Akshay Kumar’s latest comedy, Entertainment revolves around a multimillionaire golden retriever of the same name and endorses Vidya Balan’s opinion of movies clicking solely on the basis of “entertainment, entertainment, entertainment.”
Alright then, why not assess its merits on the basis of what entertains and what does not.
1. In the beginning Akshay hams so much, it’s like he’s developed epileptic seizures while undergoing some extreme shock therapy. Few scenes later, he’s reacting to a real one as if to tell me the difference.
Entertainment= 0. Exasperation= 1.
2. Darshan Jariwala dancing to a Shahid Kapoor number and actually getting the steps all right. That’s another fun tribute close on the heels of Salman Khan’s Saat Samundar jig in Kick.
Entertainment= 1. Exasperation=0.
3. Whether one has a taste or tolerance of pedestrian humour or not, there’s no doubt writers turned directors — the sibling duo of Sajid-Farhad – adore commercial movies to the core.
Entertainment is unapologetically filmi in its trappings, treatment, thought — every word uttered by a character is either a reference to a movie or a movie star. (“I Rajni can’t believe it.” “ Iski Shradha Kapoor ka toone Aarti Chabbria kar diya.”)
It’s the kind of arbitrary, bird-brained humour that yanks a forced snicker or two. But an over-animated Krishna Abhishek stretches the shtick too long, MUCH too long, to not get on one’s nerves.
Entertainment= 0. Exasperation= 1.
4. With the appearance of its four-legged titular attraction, one expects some frolic but the famously fun-loving breed is relegated to the sidelines with little to wag about.
As the wealthy heir of a deceased diamond merchant and thereby bone of Akshay’s contention, Entertainment is employed purely for aww value. And so by the virtue of being a cuddly furry-wurry brown ball of cuteness, he gets away with in Krishna-speak both “sympathy and sampathi.”
5. His fellow canine mates, ranging from Bulldogs, Pugs, Alsatians, Rottweiler’s and St Bernard’s, who show up in great numbers to deliver humour that’s literally below the belt, are sad reminders of how animals are regularly used in poor taste even in movies that claim to protect their interests.
6. Speaking of crudeness, Entertainment is no kiddie flick. Unless it’s okay for children to sit through double meaning innuendoes about ‘suhaag raats’ and visuals showing a famished baby mistaking his overweight daddy for his, yikes, mommy.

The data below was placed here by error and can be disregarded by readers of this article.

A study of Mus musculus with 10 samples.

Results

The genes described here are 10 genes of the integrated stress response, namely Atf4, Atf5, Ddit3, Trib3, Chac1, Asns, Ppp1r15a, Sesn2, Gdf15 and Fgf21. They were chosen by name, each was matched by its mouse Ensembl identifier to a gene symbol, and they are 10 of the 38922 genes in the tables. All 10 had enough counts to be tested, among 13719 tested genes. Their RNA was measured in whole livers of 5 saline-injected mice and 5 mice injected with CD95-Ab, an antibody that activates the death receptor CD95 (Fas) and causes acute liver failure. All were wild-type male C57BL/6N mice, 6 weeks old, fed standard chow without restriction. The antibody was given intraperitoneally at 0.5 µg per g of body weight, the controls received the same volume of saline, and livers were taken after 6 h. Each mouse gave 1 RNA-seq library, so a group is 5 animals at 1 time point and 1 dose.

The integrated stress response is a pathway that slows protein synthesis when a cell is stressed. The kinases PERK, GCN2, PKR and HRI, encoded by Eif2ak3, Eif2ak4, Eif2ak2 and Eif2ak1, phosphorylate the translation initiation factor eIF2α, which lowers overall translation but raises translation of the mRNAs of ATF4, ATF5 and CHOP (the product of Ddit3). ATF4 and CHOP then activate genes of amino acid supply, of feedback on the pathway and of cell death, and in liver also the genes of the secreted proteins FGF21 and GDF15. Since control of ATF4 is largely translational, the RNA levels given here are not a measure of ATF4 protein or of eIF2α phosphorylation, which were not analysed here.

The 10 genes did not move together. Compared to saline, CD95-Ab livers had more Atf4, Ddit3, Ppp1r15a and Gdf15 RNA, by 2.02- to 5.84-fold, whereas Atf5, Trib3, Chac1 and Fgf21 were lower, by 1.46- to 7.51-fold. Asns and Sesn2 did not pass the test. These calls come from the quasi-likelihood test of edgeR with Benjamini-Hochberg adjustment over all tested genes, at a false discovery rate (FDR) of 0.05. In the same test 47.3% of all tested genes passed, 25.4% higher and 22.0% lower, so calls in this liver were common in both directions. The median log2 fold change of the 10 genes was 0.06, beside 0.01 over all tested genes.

7. Sajid-Farhad’s over-the-top, unsubtly parodying tone and screechy, rhyming dialogues has long dominated the tittle-tattle of many of their writing assignments. They follow the same principle as directors too.
If only they understood that asking their actors to scream loudly with vigorous expressions till all their veins burst cannot make a joke, already repeated nine times in the movie, any more funnier.
Kudos to Entertainment — played by a golden retriever named Junior, for exhibiting such extraordinary restraint amidst the ensuing cacophony.
Entertainment=0. Entertainment the Dog=1.
8. The plot is basically a series of schemes, where the objective changes from dog to dodos but always leads to a slapstick scenario –people falling off buildings/branches, gulping down poison, getting stabbed by multiple knives (without oozing a single drop of blood) and burning themselves with a hot iron press and still no harm done.
This offers a few droll moments before the monotony quickly sets in.
9. What’s a real relief is that Prakash Raj doesn’t dilate his pupils, Sonu Sood holds back his snarl and Tammana is surprisingly tolerable as the deliberately contrived soap star.
Even if the villains of the Dabangg franchise appear visibly chuffed to play comic book villains with a Karan Arjun fixation, the gag gets tired after a while.
Entertainment: 1. Exasperation=1.
10. Entertainment is best when it isn’t trying to drag laughs out of us with its hopeless attempts at wit. Seriously, a troika of lawyers called Sanjay Leela Bhansali is humorous?
Instead Mithun Chakraborty’s whimsical comic track, where he’s desperately seeking wealthy suitors for her daughter works. Like when he tells his daughter she’ll like the guy he’s picked this time because her favourite colour is yellow and so are his teeth. Juvenile? Yes. Funny? Somehow.
11. What’s nowhere close to amusing? The fan riddle. Is it male or female, Mithunda inquires. He means to ask — Bajaj or Usha. Ugh.
Nor is Akshay’s miserable attempt to recreate Mehmood’s iconic Pyaar Kiye Jaa scene. The whole point is lost if the sound effects are generated synthetically as opposed to the comic legend’s natural voice wizardry.
12. Akshay redeems himself in the second half by relishing Entertainment’s out-dated filmmaking in a tone that is reminiscent of Mr and Mrs Khiladi’s “Bache Ki Jaan Lega?” There’s genuine affection in him for the dog and it lends the otherwise hollow Entertainment a stroke of emotion.
Sajid-Farhad’s first film is mostly a garrulous, occasionally comical farce that intermittently serves as reminder that in the search of “entertainment, entertainment, entertainment” one can always rely on the delightfully loony Johnny Lever.
This review was first published on rediff.com.